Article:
Thursday, August 30, 2012
Every once in while I am reminded of how simply some saxophone problems can be solved, and I had one of those moments just in the past month. I've been struggling with reeds ever since the seasons changed despite my meticulous care, and I couldn't seem to find a solution, even when my storage was perfect. Needless to say, reeds have been on my mind.
While playing a couple of gigs as part of a sax competition in Detroit, I got to talking with Adam Rongo about reeds, who is a really great saxophonist and was a fellow finalist at the competition. He told me that he switched down a half strength in the summer, or something along those lines. Intrigued, because one of my main problems all summer had been my reeds playing too hard, I bought a box of reeds a third strength lower (RJS comes in third strengths). Result? Comfortable playing reeds.
With that realization made I now pack a couple if not three strengths of reeds so I'm prepared for what comes, and good thing too! Last week I was in Kansas City, and for whatever reason there I needed to play on a third strength up from my normal strength (two third strengths up from what I've been playing on in PA) to really be comfortable.
Lesson learned. We don't need to be stuck on one strength of reed. We need to be comfortable, and we should definitely be prepared.
Friday, August 17, 2012
|Right to left: "vintified", titanium,|
stainless steel, and silver.
The enlightened ligature comes with two pressure plates, a gold plated pressure plate and a heavier copper one. The additional four that you can buy separately are solid silver, stainless steel, "vintified", and titanium. I did two recorded playtests. The first playtest was recorded in a very live room (lots of reverb) and included the gold plated plate, the stainless steel plate, and the titanium plate. The second by contrast was recorded in a dryer room and included the stainless steel plate, the "vintified" plate, and the titanium plate. I recorded these to draw my own personal conclusions and thus the originally overlooked omission of the "vintified" plate in the first playtest and the gold plated plate in the second. The sounds of the solid silver and copper pressure plates didn't interest me from the get go, though I did experiment with the silver plate at length, and that is the main reason for their omission. This post is not meant to be an in depth review but more of a general survey and illustration by sound clips of how the pressure plates affect the sound.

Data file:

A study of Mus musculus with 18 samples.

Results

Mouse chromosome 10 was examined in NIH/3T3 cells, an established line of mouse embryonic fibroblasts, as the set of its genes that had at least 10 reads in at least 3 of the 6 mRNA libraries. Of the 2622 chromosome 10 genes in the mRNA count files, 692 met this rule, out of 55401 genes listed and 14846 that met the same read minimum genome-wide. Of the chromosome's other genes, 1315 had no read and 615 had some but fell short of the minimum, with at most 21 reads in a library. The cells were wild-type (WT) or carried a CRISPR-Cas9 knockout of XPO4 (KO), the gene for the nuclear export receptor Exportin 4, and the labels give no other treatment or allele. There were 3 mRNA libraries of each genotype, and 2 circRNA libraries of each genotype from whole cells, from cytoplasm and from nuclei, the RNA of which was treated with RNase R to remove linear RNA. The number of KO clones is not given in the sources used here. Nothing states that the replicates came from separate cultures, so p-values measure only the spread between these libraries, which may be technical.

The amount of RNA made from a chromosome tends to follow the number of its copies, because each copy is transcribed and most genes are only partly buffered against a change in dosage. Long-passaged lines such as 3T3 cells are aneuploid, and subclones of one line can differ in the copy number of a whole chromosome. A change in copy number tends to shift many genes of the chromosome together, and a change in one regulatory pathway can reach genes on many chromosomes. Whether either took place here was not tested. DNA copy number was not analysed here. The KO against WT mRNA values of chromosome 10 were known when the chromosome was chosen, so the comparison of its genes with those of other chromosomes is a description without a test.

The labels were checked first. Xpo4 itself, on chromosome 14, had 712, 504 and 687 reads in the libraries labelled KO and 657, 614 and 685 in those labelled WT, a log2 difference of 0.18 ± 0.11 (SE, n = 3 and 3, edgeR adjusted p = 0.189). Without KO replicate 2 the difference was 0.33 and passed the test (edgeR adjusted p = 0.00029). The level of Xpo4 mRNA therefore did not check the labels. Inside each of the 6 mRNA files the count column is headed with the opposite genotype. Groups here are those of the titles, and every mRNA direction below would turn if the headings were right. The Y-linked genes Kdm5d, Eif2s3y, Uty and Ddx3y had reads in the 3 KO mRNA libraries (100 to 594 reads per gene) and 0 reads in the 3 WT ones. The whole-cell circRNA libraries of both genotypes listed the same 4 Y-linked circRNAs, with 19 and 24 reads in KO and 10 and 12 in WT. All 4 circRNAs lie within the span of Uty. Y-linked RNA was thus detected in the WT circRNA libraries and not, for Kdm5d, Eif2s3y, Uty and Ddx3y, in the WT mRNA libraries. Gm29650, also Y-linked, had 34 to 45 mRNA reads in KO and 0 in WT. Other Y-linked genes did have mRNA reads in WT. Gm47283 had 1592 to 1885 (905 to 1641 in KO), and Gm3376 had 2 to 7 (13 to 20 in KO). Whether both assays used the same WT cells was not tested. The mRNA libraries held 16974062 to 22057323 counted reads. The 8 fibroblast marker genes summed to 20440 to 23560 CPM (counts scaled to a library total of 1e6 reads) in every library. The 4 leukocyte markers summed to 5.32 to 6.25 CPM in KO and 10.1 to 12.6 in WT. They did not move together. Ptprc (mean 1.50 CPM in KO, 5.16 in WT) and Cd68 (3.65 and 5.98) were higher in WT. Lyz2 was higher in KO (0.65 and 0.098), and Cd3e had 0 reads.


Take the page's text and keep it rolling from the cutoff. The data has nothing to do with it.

All clips are recorded on a Mark VI tenor with a Florida era Super Tone Master Otto Link. Each playtest is confined to a single reed and consistent microphone placement.
For comparison purposes here are recordings of my vintage link ligature from both playtests.
Gold Plated Pressure Plate
The gold plate seems to have a thick and somewhat dark projecting sound. A little too heavy for my personal preference.
Stainless Steel Plate
The stainless steel has a bit brighter sound but still very thick and projecting.
The "vintified" pressure plate, which is brass, has a very warm sound that is very responsive and light on it's feet. The feeling of playing with this plate is somewhat more free blowing than the others which is an interesting twist. I recorded with this plate live on a gig this week, and I've included my solo from Along Came Betty in addition to the playtest.
This one has a somewhat bright sound but isn't as thick or heavy as the stainless steel plate. To each their own.
Conclusions: By my estimation the pressure plates really do change the sound and in significant ways. Good thing too as I've arrived closer to my ideal sound than ever before due to the options presented by the various plates. In full disclosure, after weeks of experimentation I'm now playing on the Enlightened ligature with the stainless steel plate as a regular part of my setup, and it has beaten out my beloved vintage Link ligature.